Sprinkl helps your lawn weather the summer affordably

Sprinkl's new device conserves your water and your paycheck.

David Priest Former editor
David Priest is an award-winning writer and editor who formerly covered home security for CNET.
David Priest
2 min read

Depending on where you live, water conservation is a major concern come summer. Everyone wants a beautiful yard and garden, but watering them can cost -- and it's not always as environmentally friendly as we hope.

But a class of gadgets that control irrigation systems has grown over the past few years, helping users water judiciously, per the weather conditions of the day. The latest device to do so is called Sprinkl Conserve, and it stands out from the pack because of its relatively low $100 price tag (around half the cost of many competitors). Right now, despite some sacrifices to its feature set, the Conserve seems like a welcome entry to the market.


The Conserve works pretty simply. You attach it to your irrigation system control panel, then connect to it via a phone app. From there, the Conserve adds a few smart features: remote control, weather tracking and responsiveness, and mobile scheduling.

That means you can control and schedule the sprinklers with your phone while away from home, and set the device to automatically stop watering if it will rain on a given day.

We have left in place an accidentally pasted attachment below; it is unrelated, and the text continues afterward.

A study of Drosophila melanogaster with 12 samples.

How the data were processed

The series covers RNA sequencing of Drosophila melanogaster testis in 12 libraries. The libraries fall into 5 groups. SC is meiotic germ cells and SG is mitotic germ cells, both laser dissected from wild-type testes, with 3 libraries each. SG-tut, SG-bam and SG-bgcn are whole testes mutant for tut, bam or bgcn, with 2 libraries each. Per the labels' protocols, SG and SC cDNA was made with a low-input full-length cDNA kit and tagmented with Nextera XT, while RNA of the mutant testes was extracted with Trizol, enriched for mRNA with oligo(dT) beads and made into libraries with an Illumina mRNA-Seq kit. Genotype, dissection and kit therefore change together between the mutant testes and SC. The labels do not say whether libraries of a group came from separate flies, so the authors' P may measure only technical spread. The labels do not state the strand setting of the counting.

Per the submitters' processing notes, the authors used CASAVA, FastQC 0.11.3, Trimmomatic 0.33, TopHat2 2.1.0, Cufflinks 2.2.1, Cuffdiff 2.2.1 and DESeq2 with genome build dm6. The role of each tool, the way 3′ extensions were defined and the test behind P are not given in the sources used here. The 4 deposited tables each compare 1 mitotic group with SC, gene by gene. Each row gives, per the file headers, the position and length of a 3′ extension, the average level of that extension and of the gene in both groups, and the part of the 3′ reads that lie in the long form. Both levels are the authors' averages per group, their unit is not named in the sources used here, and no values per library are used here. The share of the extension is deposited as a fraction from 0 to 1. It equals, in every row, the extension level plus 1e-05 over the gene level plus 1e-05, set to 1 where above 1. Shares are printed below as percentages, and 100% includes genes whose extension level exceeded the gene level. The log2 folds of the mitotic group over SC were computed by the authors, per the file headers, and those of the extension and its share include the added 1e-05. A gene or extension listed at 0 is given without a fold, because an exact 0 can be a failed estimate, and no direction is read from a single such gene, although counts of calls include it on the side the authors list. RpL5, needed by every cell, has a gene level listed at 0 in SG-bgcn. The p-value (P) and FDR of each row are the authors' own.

Sprinkl's device has three big competitors: the Rachio, the GreenIQ and the Blossom. All three of these devices cost between $180 and $250, letting Sprinkl establish a new, competitive price point. Of course, all three also include major features that the Conserve doesn't.

For instance, each of them allows users to toggle individual zones of control, whereas Sprinkl only lets users toggle the whole irrigation system on or off. Likewise, competitors work with voice assistants and smart-home integration systems like Alexa and IFTTT, whereas Sprinkl's Conserve doesn't.

It makes sense, given the features, how Sprinkl's new gadget keeps its price so much lower than competitors, and that distinction adds welcome diversity to a small market. All that remains to be seen is how well it actually works.